Timely responses from customers can ensure you address pain points as they arise and catch bad experiences before they turn into brand-damaging reviews.
Supply chain constraints have prevented many customers from finding desired products this holiday season, and with the season’s biggest shopping event days away, the onus on retailers to get customers what they need quickly and conveniently is at its peak.
The stakes are high. Forty-five percent of US consumers have shifted brands during the pandemic, and 85% say they are planning to stick with their new favorites. During COVID, I’ve embraced brands and retailers that provide a variety of online and offline ways to transact. Especially with just a few days remaining in the holidays, I am turning to online channels to check for product availability and brick-and-mortar stores to get what I need quickly. Outlets with little transparency and flexibility are getting left behind.
But savvy retailers can capitalize on adverse market conditions and establish themselves as go-to destinations for last-minute shoppers. It is imperative that retailers clearly communicate with customers, proactively help them get what they need, make deals, and solicit feedback to optimize the customer experience.
The first step to serving last-minute shoppers, especially in a holiday season with supply chain constraints, is to communicate clearly about what’s available and what obstacles consumers can expect as they rush to get what they need.
Consider Amazon’s success. The retail giant commands such a large share of online shopping not necessarily because it has the most beautiful product displays or even the best prices but because it sets the standard in terms of trust and delivery. When Prime shoppers go to Amazon and see the Prime logo next to a product, they know it will arrive in two days. That’s a customer experience all retailers and brands should emulate, especially in the final days of the holiday season when customers are likely to need products almost overnight.
Retailers and brands should develop and frequently update digital inventories so that customers know what products are available and where to find them. Customers should not have to go to a store to find out if you have a product; they should be able to verify online whether you have it in-store and what types of pick-up and delivery methods are available.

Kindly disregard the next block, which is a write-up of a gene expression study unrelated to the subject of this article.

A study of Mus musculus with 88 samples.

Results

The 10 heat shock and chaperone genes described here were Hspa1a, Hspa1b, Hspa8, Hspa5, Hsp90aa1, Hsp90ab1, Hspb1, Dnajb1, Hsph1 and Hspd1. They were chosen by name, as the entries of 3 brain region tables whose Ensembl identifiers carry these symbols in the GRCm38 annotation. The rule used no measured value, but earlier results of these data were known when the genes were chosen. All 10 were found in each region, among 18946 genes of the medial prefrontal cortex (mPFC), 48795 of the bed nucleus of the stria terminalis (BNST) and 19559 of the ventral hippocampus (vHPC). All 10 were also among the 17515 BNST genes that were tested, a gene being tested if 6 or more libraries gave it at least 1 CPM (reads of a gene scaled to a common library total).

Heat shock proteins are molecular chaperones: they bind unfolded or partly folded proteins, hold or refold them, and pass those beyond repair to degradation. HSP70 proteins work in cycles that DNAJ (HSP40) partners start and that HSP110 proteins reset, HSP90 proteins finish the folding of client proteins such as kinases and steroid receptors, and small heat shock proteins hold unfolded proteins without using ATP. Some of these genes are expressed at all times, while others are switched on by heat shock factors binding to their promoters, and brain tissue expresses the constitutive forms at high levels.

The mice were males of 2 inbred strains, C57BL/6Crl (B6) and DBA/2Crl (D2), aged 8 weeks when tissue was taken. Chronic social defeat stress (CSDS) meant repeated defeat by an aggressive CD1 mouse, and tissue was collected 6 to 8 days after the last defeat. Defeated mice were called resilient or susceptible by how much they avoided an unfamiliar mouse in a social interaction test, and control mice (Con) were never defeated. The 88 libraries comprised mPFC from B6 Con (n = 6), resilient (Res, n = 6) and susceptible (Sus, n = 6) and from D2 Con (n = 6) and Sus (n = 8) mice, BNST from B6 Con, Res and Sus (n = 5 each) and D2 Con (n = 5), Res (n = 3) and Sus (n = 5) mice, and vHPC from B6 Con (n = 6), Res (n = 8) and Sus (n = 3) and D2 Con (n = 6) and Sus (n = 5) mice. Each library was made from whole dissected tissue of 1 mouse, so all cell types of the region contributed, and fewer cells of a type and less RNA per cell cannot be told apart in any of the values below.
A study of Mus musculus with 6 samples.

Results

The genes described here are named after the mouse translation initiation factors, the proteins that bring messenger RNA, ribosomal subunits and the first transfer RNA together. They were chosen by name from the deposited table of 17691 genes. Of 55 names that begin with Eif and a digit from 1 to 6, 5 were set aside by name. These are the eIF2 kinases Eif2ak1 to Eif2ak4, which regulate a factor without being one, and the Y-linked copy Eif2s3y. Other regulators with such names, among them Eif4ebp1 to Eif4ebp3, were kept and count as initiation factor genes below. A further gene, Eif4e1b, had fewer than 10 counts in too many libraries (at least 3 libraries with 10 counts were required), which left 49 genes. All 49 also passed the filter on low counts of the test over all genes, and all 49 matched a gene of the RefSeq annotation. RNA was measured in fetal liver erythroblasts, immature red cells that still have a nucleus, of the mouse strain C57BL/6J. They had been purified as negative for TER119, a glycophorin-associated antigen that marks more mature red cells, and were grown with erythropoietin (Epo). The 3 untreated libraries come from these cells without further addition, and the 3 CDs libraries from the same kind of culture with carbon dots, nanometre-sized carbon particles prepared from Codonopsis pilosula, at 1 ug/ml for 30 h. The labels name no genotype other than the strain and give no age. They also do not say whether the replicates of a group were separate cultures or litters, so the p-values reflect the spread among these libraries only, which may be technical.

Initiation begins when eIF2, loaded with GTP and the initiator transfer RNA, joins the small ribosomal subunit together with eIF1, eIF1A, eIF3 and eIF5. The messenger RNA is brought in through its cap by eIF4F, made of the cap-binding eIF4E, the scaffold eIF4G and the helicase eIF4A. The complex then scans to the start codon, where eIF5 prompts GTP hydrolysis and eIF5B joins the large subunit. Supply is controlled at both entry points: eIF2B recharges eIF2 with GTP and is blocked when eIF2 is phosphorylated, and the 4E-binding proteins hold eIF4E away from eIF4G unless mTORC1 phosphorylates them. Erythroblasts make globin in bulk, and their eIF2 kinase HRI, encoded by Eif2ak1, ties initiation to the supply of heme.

If you don’t have a product in person but offer it online, provide the most precise delivery estimate possible. If delays may affect an order, communicate how long the delay may be whenever possible, and consider providing a guarantee as to how long consumers can expect to wait before getting a discount. This is especially relevant during the holidays when a late item could mean a missing gift for a loved one.
Help customers get what they need
Providing accurate inventory and shipping time estimates is the first step for customer communications during the holiday season. The next is proactively helping customers get what they need — even when supply constraints take their first-choice item off the table.
This is where personalized marketing comes in. Explore solutions that will allow you to recommend alternatives to a product if the customer searches for something you don’t have in stock due to supply chain problems or previous months’ shopping. If a customer looks for a product that you don’t have at one store but do have at another location or online, automatically point them to where they can find it. (It’s late now, so it’s safe to say retailers without these solutions in place will not be implementing them before end-of-year holidays. But if you’re reading this and wishing you had solutions in place this year, now is the time to act for next year.)
Helping customers get what they need also means providing the maximum number of ways for customers to shop. Pandemic-weary consumers are used to closely evaluating shopping and shipping options, and their expectations for flexibility have risen. Accordingly, retailers that offer not only online and in-store options but also hybrid shopping experiences such as curbside pickup and BOPIS (buy online, pick up in-store) will be rewarded.
Finally, for those customers who do shop in store, be sure you’re fostering a shopping experience where the customer feels secure. Communicate the cleaning and safety protocols you’re taking via both in-store signage and digital channels such as Google My Business. Use in-store markers to point customers quickly to products, limiting time in-store and shortening the literal path to purchase.
Supply chain constraints mean consumers will face higher prices this season. Consumers were projected to pay 9% more on average during Cyber Week due to higher prices and stingier deals, according to Adobe. Markdowns are also likely to be smaller than usual.
Retailers with some margin to give should take this opportunity to stand out from the crowd. Offer aggressive deals where possible, and if you can swing it, consider incorporating the weak deal landscape into your messaging. “Deals are dwindling this holiday season; ours are bigger than ever” is a winning message.
Ask customers for feedback
If you’re communicating clearly, helping customers find what they need, and offering aggressive deals, you’re already deploying a strong strategy for last-minute holiday shopping at the end of a tough season marred by supply chain constraints.
To figure out exactly what’s working and what’s not, collect in-the-moment feedback via shoppers’ mobile phones. Timely responses from customers can ensure you address pain points as they arise and catch bad experiences before they turn into brand-damaging reviews. That’s the path to happy holidays for customers and businesses alike.
Looking to capture fresh insights to shape your 2022 marketing strategy? Reach out to the Reach3 team today to learn about leveraging our conversational, mobile messaging-based approach.